Improved Oil Recovery by Seismic Vibration: A Preliminary Assessment of Possible Mechanisms
- Chun Huh (U. of Texas Austin)
- Document ID
- Society of Petroleum Engineers
- International Oil Conference and Exhibition in Mexico, 31 August-2 September, Cancun, Mexico
- Publication Date
- Document Type
- Conference Paper
- 2006. Society of Petroleum Engineers
- 2.5.2 Fracturing Materials (Fluids, Proppant), 5.2.1 Phase Behavior and PVT Measurements, 1.2.3 Rock properties, 4.1.1 Process Simulation, 1.8 Formation Damage, 4.1.5 Processing Equipment, 1.6.9 Coring, Fishing, 5.8.6 Naturally Fractured Reservoir, 5.6.4 Drillstem/Well Testing, 5.5 Reservoir Simulation, 5.1 Reservoir Characterisation, 5.8.7 Carbonate Reservoir, 5.1.1 Exploration, Development, Structural Geology, 5.4.1 Waterflooding, 2.4.3 Sand/Solids Control, 5.4.7 Chemical Flooding Methods (e.g., Polymer, Solvent, Nitrogen, Immiscible CO2, Surfactant, Vapex), 6.5.2 Water use, produced water discharge and disposal, 4.3.4 Scale
A more likely mechanism for IOR is that vibration squeezes out the oil bypassed by earlier recovery methods, due to reservoir heterogeneity. While it is quite difficult to bring the injection fluids to the low-permeability zones in a highly heterogeneous reservoir, vibrational wave can transmit effectively through both high- and low-permeability zones. When a seismic vibration propagates through a heterogeneous reservoir, the pore pressure response in different permeability layers becomes different, generating a transient pressure difference and crossflow between the layers, potentially squeezing out oil from the low-permeability zones. The rock deformation and fluid flow equations are coupled to describe the effects of low-frequency oscillatory poroelastic deformation on crossflow. Improved oil recovery due to vibration-induced crossflow is approximately estimated. Our assessment that seismic vibration recovers only the oil bypassed due to reservoir heterogeneity may explain why the method's success is rather erratic, since accurate advance characterization of reservoir heterogeneity and the bypassed oil is inherently difficult. On positive side, seismic vibration may improve access of IOR chemical to low-permeability zones such as matrix portion of naturally fractured reservoirs, for better oil extraction from hard-to-access tight matrices.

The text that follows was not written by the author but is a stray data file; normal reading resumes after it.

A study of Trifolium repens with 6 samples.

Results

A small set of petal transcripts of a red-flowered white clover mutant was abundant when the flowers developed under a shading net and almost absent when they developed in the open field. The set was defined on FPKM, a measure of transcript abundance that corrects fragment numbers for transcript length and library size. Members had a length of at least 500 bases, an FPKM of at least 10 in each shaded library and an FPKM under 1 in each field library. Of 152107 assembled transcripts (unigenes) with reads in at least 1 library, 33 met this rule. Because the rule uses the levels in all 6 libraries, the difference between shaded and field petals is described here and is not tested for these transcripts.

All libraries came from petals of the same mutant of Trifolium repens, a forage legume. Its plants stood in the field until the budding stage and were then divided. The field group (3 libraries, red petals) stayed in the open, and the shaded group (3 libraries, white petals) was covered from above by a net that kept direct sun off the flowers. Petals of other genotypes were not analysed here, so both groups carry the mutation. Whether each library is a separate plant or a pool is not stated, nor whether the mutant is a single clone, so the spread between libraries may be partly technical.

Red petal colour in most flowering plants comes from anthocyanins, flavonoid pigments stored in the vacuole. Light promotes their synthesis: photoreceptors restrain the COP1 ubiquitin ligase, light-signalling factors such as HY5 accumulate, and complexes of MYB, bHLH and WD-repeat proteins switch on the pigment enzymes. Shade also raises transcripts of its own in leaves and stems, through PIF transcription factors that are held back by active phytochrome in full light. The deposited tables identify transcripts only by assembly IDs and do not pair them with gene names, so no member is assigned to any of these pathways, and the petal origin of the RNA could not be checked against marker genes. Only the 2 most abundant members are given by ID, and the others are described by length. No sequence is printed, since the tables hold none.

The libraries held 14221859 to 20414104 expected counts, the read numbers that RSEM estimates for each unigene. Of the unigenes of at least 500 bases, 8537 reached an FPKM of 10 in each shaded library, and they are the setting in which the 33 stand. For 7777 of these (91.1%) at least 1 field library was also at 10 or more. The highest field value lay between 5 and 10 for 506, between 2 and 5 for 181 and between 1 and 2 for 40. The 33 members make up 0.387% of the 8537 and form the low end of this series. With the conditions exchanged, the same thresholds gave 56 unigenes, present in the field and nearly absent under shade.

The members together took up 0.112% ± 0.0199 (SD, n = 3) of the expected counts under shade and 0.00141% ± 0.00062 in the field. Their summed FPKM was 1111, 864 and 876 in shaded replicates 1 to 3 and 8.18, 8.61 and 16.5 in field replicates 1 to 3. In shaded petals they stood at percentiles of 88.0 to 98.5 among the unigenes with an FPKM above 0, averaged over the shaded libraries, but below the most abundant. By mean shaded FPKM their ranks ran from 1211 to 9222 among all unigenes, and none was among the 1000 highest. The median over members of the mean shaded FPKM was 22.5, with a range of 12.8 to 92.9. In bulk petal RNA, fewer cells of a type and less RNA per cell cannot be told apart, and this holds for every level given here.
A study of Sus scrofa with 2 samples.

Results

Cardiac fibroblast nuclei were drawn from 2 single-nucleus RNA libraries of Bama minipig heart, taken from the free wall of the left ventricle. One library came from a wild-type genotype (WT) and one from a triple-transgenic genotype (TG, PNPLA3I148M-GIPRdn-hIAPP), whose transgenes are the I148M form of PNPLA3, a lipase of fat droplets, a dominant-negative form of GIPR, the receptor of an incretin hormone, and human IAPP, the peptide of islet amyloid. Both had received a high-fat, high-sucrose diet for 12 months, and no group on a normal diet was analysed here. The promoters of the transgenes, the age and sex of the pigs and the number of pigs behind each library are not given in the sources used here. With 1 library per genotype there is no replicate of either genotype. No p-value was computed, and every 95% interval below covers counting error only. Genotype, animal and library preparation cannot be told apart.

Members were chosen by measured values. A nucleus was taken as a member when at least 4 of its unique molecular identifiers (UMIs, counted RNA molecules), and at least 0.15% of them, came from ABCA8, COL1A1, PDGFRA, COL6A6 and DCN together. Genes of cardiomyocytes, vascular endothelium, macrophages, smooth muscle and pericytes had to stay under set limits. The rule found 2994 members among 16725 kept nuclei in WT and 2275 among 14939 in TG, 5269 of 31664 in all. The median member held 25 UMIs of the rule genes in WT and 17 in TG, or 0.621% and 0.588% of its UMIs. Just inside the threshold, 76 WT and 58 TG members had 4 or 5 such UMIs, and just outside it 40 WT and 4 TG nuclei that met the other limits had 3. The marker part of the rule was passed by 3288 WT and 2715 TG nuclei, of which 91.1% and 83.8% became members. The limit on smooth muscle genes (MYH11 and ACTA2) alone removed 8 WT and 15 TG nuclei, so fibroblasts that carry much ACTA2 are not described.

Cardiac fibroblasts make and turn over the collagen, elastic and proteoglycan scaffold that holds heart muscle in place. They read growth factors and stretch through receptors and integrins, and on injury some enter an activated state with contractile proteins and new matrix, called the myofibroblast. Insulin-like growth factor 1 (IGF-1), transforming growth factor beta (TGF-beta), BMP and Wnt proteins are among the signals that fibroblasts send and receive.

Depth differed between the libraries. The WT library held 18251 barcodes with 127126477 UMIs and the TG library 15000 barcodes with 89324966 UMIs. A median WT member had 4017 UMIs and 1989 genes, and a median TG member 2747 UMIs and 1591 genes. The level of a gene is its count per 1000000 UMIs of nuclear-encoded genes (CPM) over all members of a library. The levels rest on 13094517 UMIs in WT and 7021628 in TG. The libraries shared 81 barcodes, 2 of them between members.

Another important question that needs to be addressed is how to deliver vibrational energy effectively to a large volume of reservoir where the oil is. Fluid pressure oscillation damps down quickly in porous media and even the rock deformation wave attenuates significantly. One possible way is to transmit rock displacement wave continually so that its accumulation can form resonance in the reservoir. The resonance generation with the reservoir length scale as the resonance wavelength requires a very slow wave, and recent literature on the subject is discussed.
Increase in oil production from mechanical vibration has been initially observed in Russian oil fields when earthquake occurred nearby (Beresnev and Johnson 1991; Nikolaevskiy et al. 1996). While some of the observations of production change were obviously due to the large-scale upheaval in reservoir structure from the earthquake's high energy input, the production changes have also been observed when the distance between the epicenter and the reservoir was quite far, so that the reservoir has been subjected to only low-frequency, low-amplitude vibrations. Prompted by these natural occurrences, vibration has been deliberately applied to affect a reservoir's oil production response. All manners of vibration were applied: (1) periodic "thumping?? of the surface with a large weight to generate seismic waves (vibroseis); (2) injection of water in pulses from well to generate pressure waves in a water-hammer fashion; (3) sonic or ultrasonic generation in the fluid phase at the wellbore; and (4) various modes of chemical/nuclear explosions either downhole or at or near the ground surface.